Writer gives rough draft of history
Author Joseph Persico donates his papers to archive at UAlbany
By KENNETH AARON, Staff writer
First published: Friday, March 24, 2006
ALBANY -- Visitors to the National World War II Memorial in Washington, D.C., can read the words local author Joseph E. Persico contributed to the monument: "Here we mark the price of freedom."
Soon, visitors to the University at Albany will be able to see early attempts at wording for the monument that Persico rejected in favor of that simple sentence.
On Wednesday, the Guilderland author and University at Albany alumnus donated that laser-printed rough draft and a trove of other papers to the school's M.E. Grenander Department of Special Collections and Archives.
The papers date to his days as speechwriter for Nelson Rockefeller, a job he held for 11 years when Rockefeller was governor and then vice president under President Ford. Also included are handwritten manuscripts on yellow legal pads, correspondence with editors, publishers and other authors, interview transcripts and videotapes of Persico's appearances on television shows such as "Today" and "Larry King Live."
"The past may not be perfect," said UAlbany President Kermit Hall in unveiling the collection, "but it is a brilliant reminder of what we can and cannot do."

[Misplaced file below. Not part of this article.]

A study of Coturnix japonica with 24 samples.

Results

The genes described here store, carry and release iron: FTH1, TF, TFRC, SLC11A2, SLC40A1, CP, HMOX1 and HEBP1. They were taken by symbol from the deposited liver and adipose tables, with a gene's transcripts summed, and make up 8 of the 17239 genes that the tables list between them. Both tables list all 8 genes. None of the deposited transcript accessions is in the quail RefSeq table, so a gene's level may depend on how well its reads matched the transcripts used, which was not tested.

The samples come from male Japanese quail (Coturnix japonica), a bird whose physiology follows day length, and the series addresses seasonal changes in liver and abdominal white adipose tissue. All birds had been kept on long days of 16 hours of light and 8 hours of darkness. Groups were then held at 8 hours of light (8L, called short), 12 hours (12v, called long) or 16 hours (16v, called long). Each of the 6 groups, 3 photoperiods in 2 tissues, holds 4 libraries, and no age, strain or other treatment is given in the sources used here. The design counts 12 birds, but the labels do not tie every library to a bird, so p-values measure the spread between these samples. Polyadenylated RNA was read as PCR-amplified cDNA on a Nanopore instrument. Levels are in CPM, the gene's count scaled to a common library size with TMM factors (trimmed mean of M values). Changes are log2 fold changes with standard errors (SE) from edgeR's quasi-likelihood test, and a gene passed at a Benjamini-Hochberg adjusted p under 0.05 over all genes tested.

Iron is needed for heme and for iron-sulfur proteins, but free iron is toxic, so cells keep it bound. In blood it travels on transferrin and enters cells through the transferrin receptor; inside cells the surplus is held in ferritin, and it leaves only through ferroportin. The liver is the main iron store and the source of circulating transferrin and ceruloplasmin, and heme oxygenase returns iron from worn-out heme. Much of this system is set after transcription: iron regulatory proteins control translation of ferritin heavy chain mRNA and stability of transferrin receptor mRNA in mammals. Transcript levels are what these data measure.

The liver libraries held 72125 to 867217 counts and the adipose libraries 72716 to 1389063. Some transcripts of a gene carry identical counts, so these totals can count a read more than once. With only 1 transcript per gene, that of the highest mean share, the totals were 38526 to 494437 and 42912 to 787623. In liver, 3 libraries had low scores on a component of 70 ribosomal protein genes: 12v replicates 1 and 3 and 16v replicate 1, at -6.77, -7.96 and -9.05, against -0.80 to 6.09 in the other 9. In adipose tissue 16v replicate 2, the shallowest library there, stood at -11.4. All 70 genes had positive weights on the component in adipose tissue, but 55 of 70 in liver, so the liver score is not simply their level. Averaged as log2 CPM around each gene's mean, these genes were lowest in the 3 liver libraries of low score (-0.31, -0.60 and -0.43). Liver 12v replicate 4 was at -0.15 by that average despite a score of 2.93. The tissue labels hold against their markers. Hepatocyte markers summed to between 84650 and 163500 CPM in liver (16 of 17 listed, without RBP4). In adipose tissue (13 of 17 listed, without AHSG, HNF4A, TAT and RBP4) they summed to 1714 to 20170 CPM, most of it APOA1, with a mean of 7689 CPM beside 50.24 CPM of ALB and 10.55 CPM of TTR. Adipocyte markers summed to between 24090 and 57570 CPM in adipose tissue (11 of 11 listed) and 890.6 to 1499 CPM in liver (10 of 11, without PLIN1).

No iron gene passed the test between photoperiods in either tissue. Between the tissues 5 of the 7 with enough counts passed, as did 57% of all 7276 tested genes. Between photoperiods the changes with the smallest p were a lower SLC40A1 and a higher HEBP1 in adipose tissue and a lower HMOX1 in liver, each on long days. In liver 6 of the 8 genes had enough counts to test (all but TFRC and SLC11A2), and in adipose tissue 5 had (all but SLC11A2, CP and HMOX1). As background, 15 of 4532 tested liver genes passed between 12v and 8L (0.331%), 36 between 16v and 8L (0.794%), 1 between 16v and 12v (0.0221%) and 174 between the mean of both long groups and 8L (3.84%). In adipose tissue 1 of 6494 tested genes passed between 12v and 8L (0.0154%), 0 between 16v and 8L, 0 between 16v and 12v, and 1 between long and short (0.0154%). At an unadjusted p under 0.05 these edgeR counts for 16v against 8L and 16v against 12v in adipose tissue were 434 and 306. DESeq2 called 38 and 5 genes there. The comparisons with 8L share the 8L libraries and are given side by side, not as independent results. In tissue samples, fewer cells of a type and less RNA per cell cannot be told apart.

Persico, 75, has published 10 books, the most recent being being "11th month, 11th day, 11th hour: Armistice Day, 1918," about the end of World War I and the nearly 11,000 soldiers who were wounded or killed on the war's last day. He's currently working on his second book about Franklin D. Roosevelt.
He said he came to realize the potential value of his own papers when confronted with the first drafts of other writers. At the Roosevelt library in Hyde Park, he saw a version of FDR's "day of infamy" speech that was edited in the president's own hand.
"You're not at that level of Franklin Roosevelt," Persico said of himself. But he knew that the issues he was writing about would be of interest to posterity. So even though he already had a pretty hefty collection, he made doubly sure not to throw anything out.
Included is a rough draft on which he had begun thinking about the World War II memorial, which opened in 2004. Each sentence Persico wrote to honor the war's fallen was marked with a handwritten "Y" or "N," to indicate whether Persico thought they had a chance.
"To their loved ones they were all the world. To all the world they died for freedom." That got an "N."
"Their youth was fleeting, their cause eternal." That earned a "Y."
There is a collection of one-liners written for Rockefeller in 1968.
The materials fill 40 cubic feet of boxes.
Besides wanting to preserve his records for future scholars, Persico offered a more prosaic reason for ridding himself of the materials.
"I can't just keep them in our apartment," he said. "My wife was threatening to leave."
Kenneth Aaron can be reached at 454-5515 or by e-mail at firstname.lastname@example.org.